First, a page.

Rookie forward Peter Stemkowski scored the winning goal for the Toronto Maple Leafs last night as they came from behind to edge the Chicago Black Hawks 4-3 at Maple Leaf Gardens in Toronto. In the other two scheduled games, the Detroit Red Wings held on for a 3-2 win over the New York Rangers while Montreal bombed Boston 6-2.
Leafs continue mastery over Hawks
Stemkowski’s game-winner against Chicago came with less than eight minutes to play in the game, snapping a 12-game scoring drought for the first-year centre. Left winger Frank Mahovlich set up Stemkowski with a perfect pass to send him in alone on Hawks’ goaltender Denis DeJordy. DeJordy had taken over at the start of the third period for Glenn Hall, who had been injured when hit on the inside of the thigh by a Carl Brewer slap shot in the middle stanza.
Black Hawks grabbed the early lead in this one, scoring twice before four minutes had elapsed in the first. Eric Nesterenko netted his 10th at 1:25, followed up by Doug Mohns’ 12th just over two minutes later. Mahovlich drew Toronto to within one before the period came to a close.
Pierre Pilote scored number 10 on the season for Chicago early in the second period to give the Hawks a 3-1 lead, and that would mark the end of the offence for the visitors. Dave Keon once again pulled the Leafs to within one two minutes after Pilote’s marker.
Toronto took over the game in the final frame, out shooting the Hawks 15-5. Andy Bathgate knotted the score at threes just past the eight-minute mark, setting the stage for Stemkowski’s heroics.
Terry Sawchuk was a main reason for the Toronto win, making several great saves, including two breakaway stops on Chicago right-winger Ken Wharram.
The win was Toronto’s seventh in 12 games against Chicago this year. They have tied twice while losing only three times.
Wings hang on against Rangers
The Detroit Red Wings jumped out to a 3-1 first-period lead over the New York Rangers and then held on to claim a 3-2 win at the Olympia Stadium in Detroit.
After a Don Marshall goal had given the Rangers an early 1-0 lead, the Red Wings struck for three in a row before the first frame had ended. Ted Lindsay’s 13th tied the score, Larry Jeffrey fired his fourth of the year to put the Wings out in front 2-1, and then Alex Delvecchio’s 14th upped the margin to two.
Rod Gilbert scored the only goal of the second period to cut the Wings’ margin to only one, but the Rangers could not find the equalizer and that is how the game ended.
Red Wing rookie netminder Roger Crozier made 22 saves in another gutsy performance for the 22-year-old. For the second consecutive game, Crozier lost teeth, but refused to leave the match. That happened in the third period when Marshall’s stick caught Crozier in the mouth, cutting his upper lip and knocking out a tooth.
The Rangers made a final, frantic effort to tie the game with 10 seconds left as they stormed the Detroit goal. There was a wild scramble in front of Crozier with just two seconds on the clock, but a gallant Crozier denied the Rangers to preserve the win.
Detroit defenceman Bill Gadsby was lost in the first period when he tore a rib cartilage and did not return. It’s not known how long he will be out of the lineup, so the Wings have recalled defenceman Warren Godfrey from their American Hockey League Pittsburgh farm club.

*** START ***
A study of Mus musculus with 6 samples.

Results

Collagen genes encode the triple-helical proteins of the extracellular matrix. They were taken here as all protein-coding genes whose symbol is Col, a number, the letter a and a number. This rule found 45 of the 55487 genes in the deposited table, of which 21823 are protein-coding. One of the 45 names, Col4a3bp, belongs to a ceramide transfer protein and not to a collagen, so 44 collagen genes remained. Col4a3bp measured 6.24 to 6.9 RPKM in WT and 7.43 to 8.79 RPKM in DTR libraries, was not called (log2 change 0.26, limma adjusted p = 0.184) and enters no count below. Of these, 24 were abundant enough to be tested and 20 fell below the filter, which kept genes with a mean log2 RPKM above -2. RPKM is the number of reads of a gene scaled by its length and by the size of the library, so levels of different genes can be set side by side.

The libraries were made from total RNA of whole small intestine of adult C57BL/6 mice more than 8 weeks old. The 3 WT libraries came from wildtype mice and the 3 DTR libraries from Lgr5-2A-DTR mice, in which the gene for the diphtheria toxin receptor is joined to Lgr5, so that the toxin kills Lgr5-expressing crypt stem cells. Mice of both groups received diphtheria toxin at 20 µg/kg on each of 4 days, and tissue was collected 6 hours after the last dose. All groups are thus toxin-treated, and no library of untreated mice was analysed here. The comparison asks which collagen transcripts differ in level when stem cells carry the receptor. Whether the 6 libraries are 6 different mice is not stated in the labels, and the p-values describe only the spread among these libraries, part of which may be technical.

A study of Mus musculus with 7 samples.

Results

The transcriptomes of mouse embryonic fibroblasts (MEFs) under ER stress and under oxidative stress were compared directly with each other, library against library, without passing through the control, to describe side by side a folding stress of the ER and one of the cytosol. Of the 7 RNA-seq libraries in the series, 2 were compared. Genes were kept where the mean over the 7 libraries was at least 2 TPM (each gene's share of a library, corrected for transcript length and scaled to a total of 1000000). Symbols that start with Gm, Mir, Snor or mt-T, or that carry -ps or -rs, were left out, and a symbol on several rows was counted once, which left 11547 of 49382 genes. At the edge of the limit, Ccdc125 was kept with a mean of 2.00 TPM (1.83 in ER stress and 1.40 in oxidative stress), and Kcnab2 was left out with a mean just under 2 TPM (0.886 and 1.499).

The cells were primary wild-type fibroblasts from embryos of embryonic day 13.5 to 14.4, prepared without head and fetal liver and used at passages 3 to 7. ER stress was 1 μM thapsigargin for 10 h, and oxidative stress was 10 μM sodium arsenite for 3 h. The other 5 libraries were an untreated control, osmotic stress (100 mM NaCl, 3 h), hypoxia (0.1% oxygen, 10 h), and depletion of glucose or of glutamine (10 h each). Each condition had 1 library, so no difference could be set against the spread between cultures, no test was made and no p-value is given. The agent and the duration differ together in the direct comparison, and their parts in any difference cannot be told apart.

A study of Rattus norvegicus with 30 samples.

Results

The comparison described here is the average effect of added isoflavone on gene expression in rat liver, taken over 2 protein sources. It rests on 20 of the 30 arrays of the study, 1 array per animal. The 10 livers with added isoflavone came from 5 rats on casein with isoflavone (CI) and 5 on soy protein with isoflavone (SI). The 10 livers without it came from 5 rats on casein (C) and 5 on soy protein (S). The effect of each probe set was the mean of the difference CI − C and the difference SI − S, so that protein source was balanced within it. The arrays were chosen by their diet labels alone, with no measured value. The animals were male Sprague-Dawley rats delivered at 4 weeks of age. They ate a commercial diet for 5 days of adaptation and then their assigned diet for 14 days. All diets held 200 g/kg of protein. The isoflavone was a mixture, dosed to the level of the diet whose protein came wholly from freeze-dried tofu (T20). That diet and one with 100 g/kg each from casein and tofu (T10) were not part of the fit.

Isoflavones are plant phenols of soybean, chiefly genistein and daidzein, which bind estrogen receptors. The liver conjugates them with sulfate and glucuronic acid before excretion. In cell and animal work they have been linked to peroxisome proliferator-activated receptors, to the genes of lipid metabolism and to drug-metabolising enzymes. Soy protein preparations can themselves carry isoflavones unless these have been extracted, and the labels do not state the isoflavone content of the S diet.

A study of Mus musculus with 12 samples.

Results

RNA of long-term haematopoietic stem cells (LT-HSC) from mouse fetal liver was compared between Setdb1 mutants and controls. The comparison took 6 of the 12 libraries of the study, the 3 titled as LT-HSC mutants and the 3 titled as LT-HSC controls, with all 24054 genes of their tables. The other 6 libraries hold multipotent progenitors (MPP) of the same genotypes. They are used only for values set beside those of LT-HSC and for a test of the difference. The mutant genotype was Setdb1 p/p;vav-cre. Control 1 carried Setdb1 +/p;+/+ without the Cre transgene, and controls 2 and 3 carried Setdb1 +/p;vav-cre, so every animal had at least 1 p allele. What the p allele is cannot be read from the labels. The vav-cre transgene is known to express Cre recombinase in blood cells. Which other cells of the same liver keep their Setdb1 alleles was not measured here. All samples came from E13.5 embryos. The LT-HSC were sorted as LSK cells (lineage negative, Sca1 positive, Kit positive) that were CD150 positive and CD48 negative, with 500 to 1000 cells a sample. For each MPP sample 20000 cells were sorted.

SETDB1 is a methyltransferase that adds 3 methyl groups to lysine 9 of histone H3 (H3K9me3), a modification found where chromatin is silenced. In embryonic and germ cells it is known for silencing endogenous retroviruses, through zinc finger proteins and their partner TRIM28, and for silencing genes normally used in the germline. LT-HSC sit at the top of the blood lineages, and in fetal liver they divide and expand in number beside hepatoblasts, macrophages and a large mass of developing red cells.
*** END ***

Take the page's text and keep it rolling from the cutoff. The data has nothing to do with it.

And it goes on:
Backstrom with four helpers for Habs
In Montreal, Ralph Backstrom had four assists while John Ferguson scored two goals as the Canadiens trounced the Bruins. Montreal was never headed in this one, leading 4-1 at the end of the first period.
Other Montreal goal-getters were Claude Larose, Jean Beliveau, Claude Provost and Bobby Rousseau, back in the lineup after missing a couple of games with an injury. Ed Westfall and Murray Oliver replied for the Bruins.
Boston rookie goalie Jack Norris was no match for the high-powered Montreal offence. He gave up six goals on 31 shots. It’s been a rough start to the youngster’s NHL career as he fills in for the Bruins’ regular netminder, the injured Ed Johnston.
Montreal has now won nine of 12 starts against the last-place Boston club.
How Joe Primeau became a Leaf
Milt Dunnell of the Toronto Star reports that Conn Smythe was joined in the Maple Leaf Gardens press box last night by two of his former players, Joe Primeau and Carl Voss. Smythe, referring to the pair, said “these are the first two men I signed for the Rangers and for the Leafs when we were first getting started.”
What is so surprising is that it was the Hall-of-Famer Primeau whom Smythe signed for the Rangers, according to Dunnell.
Smythe, if you remember, was hired to get the Rangers franchise off the ground, and he expected to be manager and coach of the squad. So, he acquired such luminaries as Bill Cook, Frank Boucher and Ching Johnson for the franchise. The first player he inked was Primeau, but took the unusual step of signing him to a personal services contract.
Before the season got under way, New York fired Smythe and hired Lester Patrick to run things. Smythe immediately bought the Toronto St. Pats franchise and transferred Primeau’s rights to that club. Voss was the first player signed by Smythe upon his arrival.
Of course, the rest is history, as Primeau went on to become one of the all-time greats, centring the legendary Kid Line, with Charlie Conacher and Harvey (Busher) Jackson on the wings.
Voss played only eight games for Toronto, but went on to have a solid NHL career with seven NHL clubs, and is now the referee-in-chief of the NHL.
Libett leads junior Wings
Nick Libett scored three goals as he led the Hamilton Red Wings to a 7-4 decision over the Peterborough Petes in the only OHA Junior A game last night in Hamilton. Real Lemieux added a pair of markers, with Jim Mair and Pete Loveless netting the others.
Jim Paterson fired a hat trick for the Petes, with a singleton going to George Godson.